Senate debates

Friday, 22 June 2012


Parliamentary Counsel and Other Legislation Amendment Bill 2012; Second Reading

11:58 am

Photo of Michaelia CashMichaelia Cash (WA, Liberal Party, Shadow Parliamentary Secretary for Immigration) Share this | Hansard source

Thank you, Mr Deputy President. The reality about the guillotine under this government, with its little alliance partner, the Greens, is this: never have this many bills been guillotined in the Senate since the parliament first met in 1901—and it is worth noting that in the last three years of the Howard government, between 2004 and 2007, when the coalition had a majority in the Senate, we guillotined just 36 bills. But, in this sitting fortnight alone, Labor and their little friends the Greens will have managed to have guillotined the exact same number of bills—36 over three years versus 36 in two weeks. When you want to talk about an attack on democracy, be sure you are very careful about what you say to those on the other side, because by your actions you shall be judged. You have already been judged twice today, because two bills that we have voted on have been guillotined, and you will again be judged shortly, in approximately 15 minutes, because that is when yet again the guillotine is going to fall on this bill.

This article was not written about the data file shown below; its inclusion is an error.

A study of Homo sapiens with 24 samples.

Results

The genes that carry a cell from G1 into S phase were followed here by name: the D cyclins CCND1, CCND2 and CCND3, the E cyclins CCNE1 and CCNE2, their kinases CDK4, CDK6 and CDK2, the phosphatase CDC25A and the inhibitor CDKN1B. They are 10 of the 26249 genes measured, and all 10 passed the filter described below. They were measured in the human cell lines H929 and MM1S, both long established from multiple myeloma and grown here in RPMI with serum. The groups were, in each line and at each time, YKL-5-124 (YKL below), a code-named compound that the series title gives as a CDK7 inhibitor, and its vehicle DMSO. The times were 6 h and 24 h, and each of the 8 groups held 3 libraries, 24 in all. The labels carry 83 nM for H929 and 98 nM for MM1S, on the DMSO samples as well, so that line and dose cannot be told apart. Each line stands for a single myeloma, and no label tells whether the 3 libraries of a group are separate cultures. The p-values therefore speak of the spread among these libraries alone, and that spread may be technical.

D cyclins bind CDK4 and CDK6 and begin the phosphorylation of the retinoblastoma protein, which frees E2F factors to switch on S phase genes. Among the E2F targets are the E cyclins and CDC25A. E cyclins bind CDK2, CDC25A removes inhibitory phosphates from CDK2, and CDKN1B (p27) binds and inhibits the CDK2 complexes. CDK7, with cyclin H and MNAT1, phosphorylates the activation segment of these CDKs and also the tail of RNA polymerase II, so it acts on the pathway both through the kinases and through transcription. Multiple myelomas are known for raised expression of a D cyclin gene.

The bill is actually a non-controversial bill. The coalition will support this bill. Despite those on the other side running off to the media and bleating every day and saying, 'All the opposition does is oppose; all it ever does is oppose,' we are actually supporting this legislation, but that is not the point. The point is that legislation in this place should always be available for debate. The mere fact that those on the other side are so incompetent that they cannot get their sitting pattern right and have to extend hours this week and next week—the mere fact that they are causing the public to pay an extra million dollars today because they need to ram some legislation through this place—does not detract from the fact that even non-controversial legislation should be able to be debated.

One aspect of this bill which is of concern to the coalition—and this has become a regular occurrence under this government—is the content of the bill which we do not know about because the government puts it all into regulation. So many of the bills that come before this place are merely shell legislation and nothing more. We are told that we have to rely on the so-called good faith of those opposite in believing that what they eventually put into the regulation will not impact detrimentally on the Australian people.

On this bill, we are going to take you at your word. I can only say to the Australian public: I hope you too are able to take this party at its word, because, with so many of the bills that come before this place, it is an indictment on the government that it betrays the Australian people time and time again. In the interests of time, knowing that Senator Humphries would like to contribute to this debate and knowing that there is all but 12 minutes left before—yet again—the guillotine falls on the Senate, I conclude my remarks.